The Food and Drug Administration (FDA) has finally issued guidance on menu labeling requirements for retail chain operations and small breweries are likely to take a financial hit.
The new menu labeling rules require restaurants and foodservice establishments with more than 20 locations to disclose the caloric value and supplementary health criteria of beer, as well as other food and drinks, sold on-premise and will take effect on Dec. 1, 2016.
Last year, the FDA told Brewbound the new rules would not impact craft brewers, but smaller suppliers hoping to stay on tap at popular chain accounts like Yard House or Buffalo Wild Wings will likely be responsible for supplying an accurate nutritional analysis for their products.
Earlier this month, a spokesperson with the Beer Institute told Brewbound that nutritional testing could cost as much as $1,000 per item.
White Labs Inc., a San Diego-based fermentation sciences lab offers a nutritional analysis package — including caloric, fat, protein and carbohydrate information, among other facts — for $635. That package, which White Labs believes is cheaper than those offered by other consumer product testing labs, was put together within the last six months in response to the FDA’s forthcoming menu labeling requirements, said Kara Taylor, the company’s analytical lab manager.
“We have done a ton of nutritional testing in the last six months,” she said. “It is a huge cost for every brand and some brewers could end up reducing the amount of brands that make it to bigger restaurants as a result.”
In a guidance document, released on Sept. 11, additional details on how retailers can best implement the new federal menu labeling rules were explained by the FDA.
In a note to members, Beer Institute CEO Jim McGreevy outlined the changes.
“The guidance document aligned with much of the Beer Institute’s position on menu labeling,” he wrote. “The Beer Institute will continue to work with the FDA on the implementation on menu labeling.”
Under the guidance, a single calorie reference may be used for a category or group of beverage alcohol products if the products all have the same calorie count.
In other words, if a retailer is selling several beers all containing the exact same amount of calories (at the same serving size), the operator is permitted to group these items together with a single caloric value listed next to the named brands.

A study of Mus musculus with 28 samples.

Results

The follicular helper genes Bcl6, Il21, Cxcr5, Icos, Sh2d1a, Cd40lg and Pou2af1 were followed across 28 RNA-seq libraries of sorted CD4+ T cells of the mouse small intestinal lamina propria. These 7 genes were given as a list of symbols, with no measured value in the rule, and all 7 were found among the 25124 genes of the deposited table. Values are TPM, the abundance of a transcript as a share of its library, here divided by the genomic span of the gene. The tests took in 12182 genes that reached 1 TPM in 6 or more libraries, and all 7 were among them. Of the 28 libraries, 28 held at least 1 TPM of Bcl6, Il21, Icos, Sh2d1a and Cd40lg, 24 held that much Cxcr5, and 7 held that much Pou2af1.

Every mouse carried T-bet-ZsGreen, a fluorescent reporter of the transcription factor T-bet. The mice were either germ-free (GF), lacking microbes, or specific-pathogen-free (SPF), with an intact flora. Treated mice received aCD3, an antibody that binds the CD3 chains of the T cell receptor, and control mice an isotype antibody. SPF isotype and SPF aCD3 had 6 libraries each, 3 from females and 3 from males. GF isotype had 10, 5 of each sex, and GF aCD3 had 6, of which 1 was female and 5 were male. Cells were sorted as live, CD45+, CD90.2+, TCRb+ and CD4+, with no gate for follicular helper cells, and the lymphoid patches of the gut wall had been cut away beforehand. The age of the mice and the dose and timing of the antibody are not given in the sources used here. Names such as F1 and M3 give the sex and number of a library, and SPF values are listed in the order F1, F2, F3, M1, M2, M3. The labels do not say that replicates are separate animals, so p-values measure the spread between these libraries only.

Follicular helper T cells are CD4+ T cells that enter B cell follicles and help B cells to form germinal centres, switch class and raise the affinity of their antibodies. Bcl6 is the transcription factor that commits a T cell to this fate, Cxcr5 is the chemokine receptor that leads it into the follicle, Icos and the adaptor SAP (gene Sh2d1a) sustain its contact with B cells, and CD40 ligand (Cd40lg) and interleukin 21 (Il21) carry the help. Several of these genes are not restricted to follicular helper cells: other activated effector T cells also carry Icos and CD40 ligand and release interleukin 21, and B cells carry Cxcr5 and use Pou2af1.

Retailers will also be allowed to list caloric ranges (such as 70-120 calories), if the menu uses generic terms like “beer,” or “light beer.” Operators will, however, be required to indicate the specific caloric value for every beer, if those items are listed by brand name, style or category.
Additional nutrition information must also be available upon request from the consumer including calories, calories from fat, total fat, saturated fat, trans fat, cholesterol, sodium, total carbohydrates, dietary fiber, sugars and protein.
In his note, McGreevy also said “restaurants and other retail establishments may use a variety of sources to calculate calories and determine nutrient disclosures, or what is commonly referenced as a reasonable basis.”
Chain operators will be allowed to source caloric information from online databases, lab analysis and recipes. A retailer may pull information for an item if it matches the description provided in the USDA database, which McGreevy said was incomplete and “limited in what is provided for beer.”
The Beer Institute is in discussions with the USDA to expand the database, McGreevy wrote.
The FDA will also be accepting written comments on the guidance document until November 2, 2015.